13.  Why Might Students have Difficulty with Inquiry-Based Leaning?


Students may have difficulty in learning science through inquiry for several reasons: lack of experience with inquiry, difficulty with the investigation’s subject matter, the choice of problems to investigate and they may not have been appropriately guided through the investigation. 


A study conducted by Krajcik et al (1998) reported students’ limited experience with inquiry as being a source of many of the difficulties encountered in their learning through inquiry. Difficulties were attributed to students’ failure to:



  • Generate high-level driving questions that can be applied to small-scale investigations;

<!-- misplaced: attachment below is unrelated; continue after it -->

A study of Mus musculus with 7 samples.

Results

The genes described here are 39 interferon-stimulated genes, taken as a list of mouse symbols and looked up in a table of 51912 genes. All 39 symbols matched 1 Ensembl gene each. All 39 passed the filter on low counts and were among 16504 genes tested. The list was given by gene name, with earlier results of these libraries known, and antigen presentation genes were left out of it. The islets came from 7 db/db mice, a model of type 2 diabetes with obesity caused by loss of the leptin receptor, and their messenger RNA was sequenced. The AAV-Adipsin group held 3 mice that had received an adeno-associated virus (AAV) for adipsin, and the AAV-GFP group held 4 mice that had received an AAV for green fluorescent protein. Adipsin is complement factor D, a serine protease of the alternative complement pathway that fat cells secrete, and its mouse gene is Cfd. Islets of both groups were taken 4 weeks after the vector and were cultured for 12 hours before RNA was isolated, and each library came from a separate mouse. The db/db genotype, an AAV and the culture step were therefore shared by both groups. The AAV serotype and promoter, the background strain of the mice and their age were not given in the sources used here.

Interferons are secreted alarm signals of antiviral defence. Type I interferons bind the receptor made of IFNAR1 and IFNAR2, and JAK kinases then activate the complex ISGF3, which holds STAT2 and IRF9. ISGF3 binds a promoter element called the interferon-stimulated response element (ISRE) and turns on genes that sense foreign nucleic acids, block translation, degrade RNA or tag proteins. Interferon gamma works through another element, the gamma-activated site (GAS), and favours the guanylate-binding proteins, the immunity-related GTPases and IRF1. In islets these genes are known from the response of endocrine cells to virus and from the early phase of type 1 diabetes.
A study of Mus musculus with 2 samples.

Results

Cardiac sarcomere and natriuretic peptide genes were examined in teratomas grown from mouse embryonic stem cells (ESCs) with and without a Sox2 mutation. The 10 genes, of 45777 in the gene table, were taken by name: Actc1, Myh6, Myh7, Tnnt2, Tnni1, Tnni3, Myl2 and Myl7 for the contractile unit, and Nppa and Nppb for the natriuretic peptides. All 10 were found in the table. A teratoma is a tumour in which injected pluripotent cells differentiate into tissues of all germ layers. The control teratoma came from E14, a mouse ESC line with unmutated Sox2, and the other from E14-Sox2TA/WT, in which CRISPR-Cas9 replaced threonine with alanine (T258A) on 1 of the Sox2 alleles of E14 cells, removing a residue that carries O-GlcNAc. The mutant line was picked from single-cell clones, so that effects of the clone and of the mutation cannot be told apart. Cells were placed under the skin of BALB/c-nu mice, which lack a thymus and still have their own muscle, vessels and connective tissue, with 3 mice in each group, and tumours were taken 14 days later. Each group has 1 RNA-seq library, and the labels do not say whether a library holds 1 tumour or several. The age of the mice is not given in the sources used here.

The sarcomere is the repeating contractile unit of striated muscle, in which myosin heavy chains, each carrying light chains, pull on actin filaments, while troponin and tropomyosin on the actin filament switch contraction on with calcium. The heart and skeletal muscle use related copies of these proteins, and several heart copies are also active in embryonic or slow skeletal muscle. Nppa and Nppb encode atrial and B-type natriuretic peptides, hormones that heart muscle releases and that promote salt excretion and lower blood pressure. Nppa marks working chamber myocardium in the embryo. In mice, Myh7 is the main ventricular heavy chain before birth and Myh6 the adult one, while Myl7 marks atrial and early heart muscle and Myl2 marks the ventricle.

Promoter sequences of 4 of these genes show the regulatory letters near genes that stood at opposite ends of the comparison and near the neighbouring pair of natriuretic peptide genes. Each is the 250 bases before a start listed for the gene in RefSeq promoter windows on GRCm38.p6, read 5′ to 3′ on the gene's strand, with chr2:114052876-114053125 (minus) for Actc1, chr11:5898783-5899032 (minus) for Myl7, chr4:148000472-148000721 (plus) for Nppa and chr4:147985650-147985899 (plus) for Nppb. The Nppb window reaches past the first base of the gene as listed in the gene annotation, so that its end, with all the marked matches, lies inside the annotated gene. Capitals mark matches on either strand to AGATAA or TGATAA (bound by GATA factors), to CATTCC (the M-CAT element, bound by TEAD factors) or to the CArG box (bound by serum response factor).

• Discuss ideas systematically;
  • Consider ideas systematically;
  • Make connections between evidence and hypothesis;
  • Use evidence they generated in considering their questions;
  • Have experience in gathering and interpreting data/information and drawing conclusions.


For these reasons, it is essential students have a basic understanding of inquiry if inquiry-based methods are to be successfully applied in teaching science.


Inquiry-based instruction must emphasize the “how do we come to know what we know” of science, not just the “what” of science. Inquiry should not be presented solely as a procedure or that which is devoid of content, as either will contribute to losing its meaning and substance.




1.  Krajcik, J. Blumenfield, P. C., Marx, R. W., Bass, K. M., Fredricks, J., & Soloway, E. (1998). Inquiry in Project-Based Science Classrooms: Initial Attempts by Middle School Students. Journal of the Learning Sciences, 7 (3/4), 313-350.